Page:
An elementary school in suburban Atlanta made national headlines this week after it unveiled a new logo, which bears a striking resemblance to the Nazi Eagle.
The Cobb County School District — Georgia’s second-largest district — said it would halt distribution of the new logo while “reviewing needed changes.” Local Jewish leaders who spoke with district officials said the logo was being entirely scrapped.
East Side Elementary in Marietta, located across the street from a synagogue, unveiled its redesigned logo on Monday. It features an eagle, with wings outstretched, gazing to the right, holding an insignia with the initials “ES” for the school. The Nazi Eagle, too, shows an eagle with wings outstretched gazing to the right, at graphically similar proportions, only the Nazi version holds a swastika in its talons.
“The new logo & badges were chosen to represent the Eagle soaring into excellence and to honor the history of our great school!” the district said in its initial announcement advertising the logo. “We hope that you love our new designs as much as we do!”
The reaction was less than positive.
The Cobb County School District is halting the rollout of a new logo for Eastside Elementary School after outraged community members pointed out the logo’s resemblance to a Nazi symbol. https://t.co/QCjgLtwGzc— MDJ Online (@mdjonline) July 19, 2022
“People are just angry, like, how could you make that mistake?” Marty Gilbert, executive director of Congregation Etz Chaim in Marietta, told the Jewish Telegraphic Agency.
The Conservative synagogue is located across the street from the school, and many congregants have children who attend East Side Elementary. The two buildings also share each other’s parking lots and coordinate on other neighborly matters, Gilbert said.
When the school unveiled its logo, parents contacted Gilbert immediately. He left a message with the school principal that day, and received an apologetic phone call the next morning.
The principal promised Gilbert the school would fix the logo. Because of their working relationship, Gilbert said he is trusting that this was an honest mistake.
“I will give them the benefit of the doubt,” he said. “I hope that it was just, for lack of a better term, a historical ignorance.”
Later that day, the American Jewish Committee tweeted about the logo. “Regardless of intent, @CobbSchools should have realized that the new logo for East Side Elementary bears a striking and uncomfortable resemblance to the Nazi eagle,” the advocacy group said.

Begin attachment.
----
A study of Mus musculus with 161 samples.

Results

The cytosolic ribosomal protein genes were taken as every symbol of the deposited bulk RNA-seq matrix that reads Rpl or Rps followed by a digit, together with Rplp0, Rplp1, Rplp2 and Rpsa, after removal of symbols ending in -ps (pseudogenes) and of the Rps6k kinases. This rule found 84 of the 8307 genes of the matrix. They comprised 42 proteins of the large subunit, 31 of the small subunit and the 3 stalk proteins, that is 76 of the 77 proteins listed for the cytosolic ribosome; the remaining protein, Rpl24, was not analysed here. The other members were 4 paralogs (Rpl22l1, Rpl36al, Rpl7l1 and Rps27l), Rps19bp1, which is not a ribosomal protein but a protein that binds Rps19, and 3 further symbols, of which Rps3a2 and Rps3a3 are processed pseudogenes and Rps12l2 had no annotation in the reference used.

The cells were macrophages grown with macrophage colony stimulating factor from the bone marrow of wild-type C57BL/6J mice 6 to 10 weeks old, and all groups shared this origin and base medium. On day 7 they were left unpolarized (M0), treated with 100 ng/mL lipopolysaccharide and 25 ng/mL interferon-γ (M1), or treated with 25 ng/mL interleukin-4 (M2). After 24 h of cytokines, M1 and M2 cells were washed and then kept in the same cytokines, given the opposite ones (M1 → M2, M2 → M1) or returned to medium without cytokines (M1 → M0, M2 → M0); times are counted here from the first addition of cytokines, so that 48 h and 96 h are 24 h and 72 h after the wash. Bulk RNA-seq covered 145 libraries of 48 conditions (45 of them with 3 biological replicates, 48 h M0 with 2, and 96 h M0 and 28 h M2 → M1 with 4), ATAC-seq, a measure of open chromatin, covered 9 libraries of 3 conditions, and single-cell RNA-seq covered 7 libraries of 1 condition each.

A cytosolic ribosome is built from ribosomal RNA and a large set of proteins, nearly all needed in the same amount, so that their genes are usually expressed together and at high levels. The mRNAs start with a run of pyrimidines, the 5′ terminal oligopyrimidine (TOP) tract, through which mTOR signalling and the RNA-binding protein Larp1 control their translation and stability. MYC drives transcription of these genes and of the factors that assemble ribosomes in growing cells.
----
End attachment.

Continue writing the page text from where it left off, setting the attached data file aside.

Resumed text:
In a Facebook post Wednesday, local rabbi Larry Sernovitz, the senior rabbi at Reform Temple Kol Emeth in Marietta, said he had been in contact with the district superintendent and learned that the logo had been created entirely in-house by the district’s communications department, an account backed up by Gilbert’s call with the principal.
Sernovitz, who is also on the board of directors of the Atlanta Jewish Community Relations Council, added that the district told him an investigation was underway and that it would be creating a new internal anti-hate program. According to Sernovitz, the superintendent “admitted that the District Administration and the District as a whole do not have a good understanding of history, including the Holocaust, and there is much work to do.”
This is not the county’s first brush with antisemitic activity. At the onset of Yom Kippur last year, Pope High School, a high school in the district, reported that a student had graffitied a swastika and the phrase “Heil Hitler” on a bathroom door. The incident followed a similar earlier one at another area school. Georgia Democratic Senator Jon Ossoff, who is Jewish, condemned the graffiti in a Yom Kippur speech at Temple Emanu-el in Sandy Springs.
Cobb County has also long been a location of white supremacist activity. The Ku Klux Klan frequently rode through town during the Civil Rights Era, according to oral historians.
Even today, one of America’s most notorious white supremacists and antisemites, Edward Reed Fields, reportedly continues to make his home in Marietta. The 89-year-old Fields published the racist newspaper The Thunderbolt, founded several explicitly antisemitic political parties and defended the Klan’s 1963 bombing of a Black church in Birmingham, Alabama.
Despite the district’s public language that it was merely reviewing the logo, both Sernovitz and Gilbert said they’d been informed the logo would be totally scrapped. The district’s school year begins in early August, leaving the school with a short amount of time to come up with a new logo.
“Yes, we have much work to do and the logo design was a disgrace and should never have made it this far,” Sernovitz wrote to his followers in the county. “But, we must focus on the work that is ahead of us. Your voice matters and is what halted the logo from moving forward.”
“Earlier this week, we learned of concerns about a new logo at East Side Elementary,” a district spokesperson said in a statement to JTA. “The roll-out of this logo has been halted, and we are immediately reviewing needed changes. We understand and strongly agree that similarities to Nazi symbolism are unacceptable. Although this design was based on the US Army colonel’s eagle wings, stakeholder input has been and continues to be important to our schools.
“We appreciate those who took time to share their thoughts and will make sure all input is reviewed as changes are considered.”
The district’s statement included a photo of US Army colonel eagle wings.
Gilbert said the Atlanta area offers many educational opportunities to learn about the Holocaust, including in Etz Chaim’s own Holocaust memorial garden, which is publicly accessible. He hopes the school district will take steps to improve their own education on the subject.
“Hate doesn’t go away,” he said. “There’s plenty of hate to go around. And I think that you have to call it out when you see it.”